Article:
This week: J.D. Salinger’sThe Catcher in the Rye

Last week, a friend suggested I start reviewing some of the most famous banned or censored books ever published, novels whose controversial elements have elevated them into lasting fame. One of the first books that came to my mind–it was also suggested to me by a follower on Twitter–was J.D. Salinger’s 1951 novel The Catcher in the Rye. According to the American Library Association, this novel was the 10th most challenged in the U.S. in the 1990s and the 6th most challenged of 2009. In this post and in future ones covering a frequently banned or challenged book, I will look at the story itself, why it is so controversial, and how the book’s (in)famous nature plays into whether you should dust it off. 

      The Catcher in the Rye begins and ends with a loose framing narrative: a teenage boy named Holden Caulfield is in a mental health institution. In between those two points, Holden describes how his life began to fall apart the previous Christmas. His New York boarding school throws him out. He clashes with his soon-to-be-gone classmates. Traveling to New York City, he calls up a prostitute to his hotel room, but he only ends up wanting to talk to her. A bewildering series of dances and drinks with friends and “phonies” alike further Holden’s bitterness. He concludes that his only hope is to talk to his little sister Phoebe, and his encounter with her at a carousel leads to a surprise ending, as Holden realizes he wants to be a “catcher in the rye” (taken from a poem by Robert Burns) saving children from losing their carefree nature as they enter adulthood.

Image by skeeze from Pixabay

      Although intended for an adult audience, The Catcher in the Rye struck a chord with many teens and young adults in the 1950s as they identified with the (perhaps stereotypical) “angst” Holden goes through. As a result, Salinger’s novel has become a staple of assigned readings in American middle and high schools. The sexual content, frequent language, and general air of teenage rebelliousness pervading this novel has spurred countless challenges to its place in schools and libraries.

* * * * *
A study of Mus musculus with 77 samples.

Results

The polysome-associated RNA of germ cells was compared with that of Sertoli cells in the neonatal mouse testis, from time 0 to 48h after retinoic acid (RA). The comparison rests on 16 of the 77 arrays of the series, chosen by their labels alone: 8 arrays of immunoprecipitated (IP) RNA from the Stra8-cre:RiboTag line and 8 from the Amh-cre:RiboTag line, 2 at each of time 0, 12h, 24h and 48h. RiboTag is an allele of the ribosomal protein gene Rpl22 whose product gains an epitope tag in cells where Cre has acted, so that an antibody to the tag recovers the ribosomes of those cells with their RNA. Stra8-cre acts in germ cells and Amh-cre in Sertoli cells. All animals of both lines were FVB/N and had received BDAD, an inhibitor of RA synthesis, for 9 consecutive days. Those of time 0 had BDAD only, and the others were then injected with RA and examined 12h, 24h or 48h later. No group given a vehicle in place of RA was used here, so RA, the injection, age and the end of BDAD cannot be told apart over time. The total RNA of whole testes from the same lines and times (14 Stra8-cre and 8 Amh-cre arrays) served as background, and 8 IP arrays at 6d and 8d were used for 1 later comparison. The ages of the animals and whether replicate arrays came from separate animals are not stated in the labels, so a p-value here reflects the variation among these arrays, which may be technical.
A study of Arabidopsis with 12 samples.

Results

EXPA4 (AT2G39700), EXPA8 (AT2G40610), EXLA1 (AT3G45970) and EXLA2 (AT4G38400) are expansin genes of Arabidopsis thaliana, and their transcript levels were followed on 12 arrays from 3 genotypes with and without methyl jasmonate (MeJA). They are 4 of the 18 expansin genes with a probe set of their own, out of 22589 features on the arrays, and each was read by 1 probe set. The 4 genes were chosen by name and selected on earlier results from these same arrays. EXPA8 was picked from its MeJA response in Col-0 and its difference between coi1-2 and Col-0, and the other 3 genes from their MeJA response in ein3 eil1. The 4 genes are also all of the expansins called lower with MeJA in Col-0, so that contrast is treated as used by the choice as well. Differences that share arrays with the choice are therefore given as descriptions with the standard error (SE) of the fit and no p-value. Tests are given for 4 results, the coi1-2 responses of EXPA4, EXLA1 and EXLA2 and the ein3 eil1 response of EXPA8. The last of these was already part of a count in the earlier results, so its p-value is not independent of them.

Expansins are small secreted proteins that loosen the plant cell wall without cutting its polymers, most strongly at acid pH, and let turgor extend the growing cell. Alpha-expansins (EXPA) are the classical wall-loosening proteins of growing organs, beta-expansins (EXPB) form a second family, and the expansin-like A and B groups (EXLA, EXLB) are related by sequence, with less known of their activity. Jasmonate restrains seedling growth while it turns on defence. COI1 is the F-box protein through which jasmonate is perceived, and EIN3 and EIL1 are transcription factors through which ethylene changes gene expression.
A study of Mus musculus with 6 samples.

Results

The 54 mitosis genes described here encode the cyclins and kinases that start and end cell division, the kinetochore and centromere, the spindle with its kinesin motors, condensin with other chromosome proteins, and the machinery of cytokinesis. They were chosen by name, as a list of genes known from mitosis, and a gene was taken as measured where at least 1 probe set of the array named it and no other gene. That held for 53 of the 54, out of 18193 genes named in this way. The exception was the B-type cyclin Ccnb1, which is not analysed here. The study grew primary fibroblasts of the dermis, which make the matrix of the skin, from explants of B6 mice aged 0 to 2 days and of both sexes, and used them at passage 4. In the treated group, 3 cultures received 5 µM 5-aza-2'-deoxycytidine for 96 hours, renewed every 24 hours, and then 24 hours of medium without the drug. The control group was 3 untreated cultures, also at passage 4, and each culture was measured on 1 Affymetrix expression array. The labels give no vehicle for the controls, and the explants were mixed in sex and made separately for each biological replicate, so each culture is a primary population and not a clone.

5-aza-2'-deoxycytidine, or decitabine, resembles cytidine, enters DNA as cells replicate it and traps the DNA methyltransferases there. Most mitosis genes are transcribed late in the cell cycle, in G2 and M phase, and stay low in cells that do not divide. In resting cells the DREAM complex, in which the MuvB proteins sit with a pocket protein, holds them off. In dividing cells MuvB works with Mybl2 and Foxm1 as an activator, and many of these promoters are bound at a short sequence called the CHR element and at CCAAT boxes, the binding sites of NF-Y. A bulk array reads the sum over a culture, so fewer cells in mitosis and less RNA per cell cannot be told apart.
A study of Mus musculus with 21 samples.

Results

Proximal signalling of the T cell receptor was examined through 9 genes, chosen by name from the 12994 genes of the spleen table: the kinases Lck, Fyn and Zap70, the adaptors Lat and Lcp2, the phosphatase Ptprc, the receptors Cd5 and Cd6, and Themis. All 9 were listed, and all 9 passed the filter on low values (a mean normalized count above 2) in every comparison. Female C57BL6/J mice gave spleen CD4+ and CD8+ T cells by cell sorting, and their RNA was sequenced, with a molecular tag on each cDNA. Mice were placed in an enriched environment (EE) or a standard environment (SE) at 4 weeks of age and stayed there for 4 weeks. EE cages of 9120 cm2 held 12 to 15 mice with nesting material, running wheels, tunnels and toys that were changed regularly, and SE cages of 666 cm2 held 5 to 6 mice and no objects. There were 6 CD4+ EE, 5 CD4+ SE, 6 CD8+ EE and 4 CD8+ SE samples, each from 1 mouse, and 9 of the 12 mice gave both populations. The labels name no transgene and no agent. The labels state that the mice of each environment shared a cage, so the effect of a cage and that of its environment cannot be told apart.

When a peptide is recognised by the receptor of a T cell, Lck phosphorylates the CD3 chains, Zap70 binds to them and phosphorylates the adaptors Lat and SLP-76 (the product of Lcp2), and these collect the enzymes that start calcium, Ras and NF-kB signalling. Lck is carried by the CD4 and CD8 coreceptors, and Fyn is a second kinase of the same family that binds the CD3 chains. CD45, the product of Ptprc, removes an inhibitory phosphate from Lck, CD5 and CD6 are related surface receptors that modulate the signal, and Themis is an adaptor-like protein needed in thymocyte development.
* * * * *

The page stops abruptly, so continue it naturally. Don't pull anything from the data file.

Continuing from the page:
When I read The Catcher in the Rye for the first time at age sixteen, though, I felt its entire appeal came from this adolescent anger and frustration, as well as Holden’s willingness to show the society as it is, which, it turns out, isn’t pretty and rather “phony.” Even though its flaws–the slang Holden employs can be off-putting, and at the end of the day, he is a whiny, spoiled kid–become apparent the older a reader is, Salinger’s work is a must-read for any serious reader, if only for the cultural bombshell it made in the 1950s and continues to make down the generations. Of course, a major irony that goes along with all controversial books is that attempts to censor The Catcher in the Rye fuel more demand for reading it.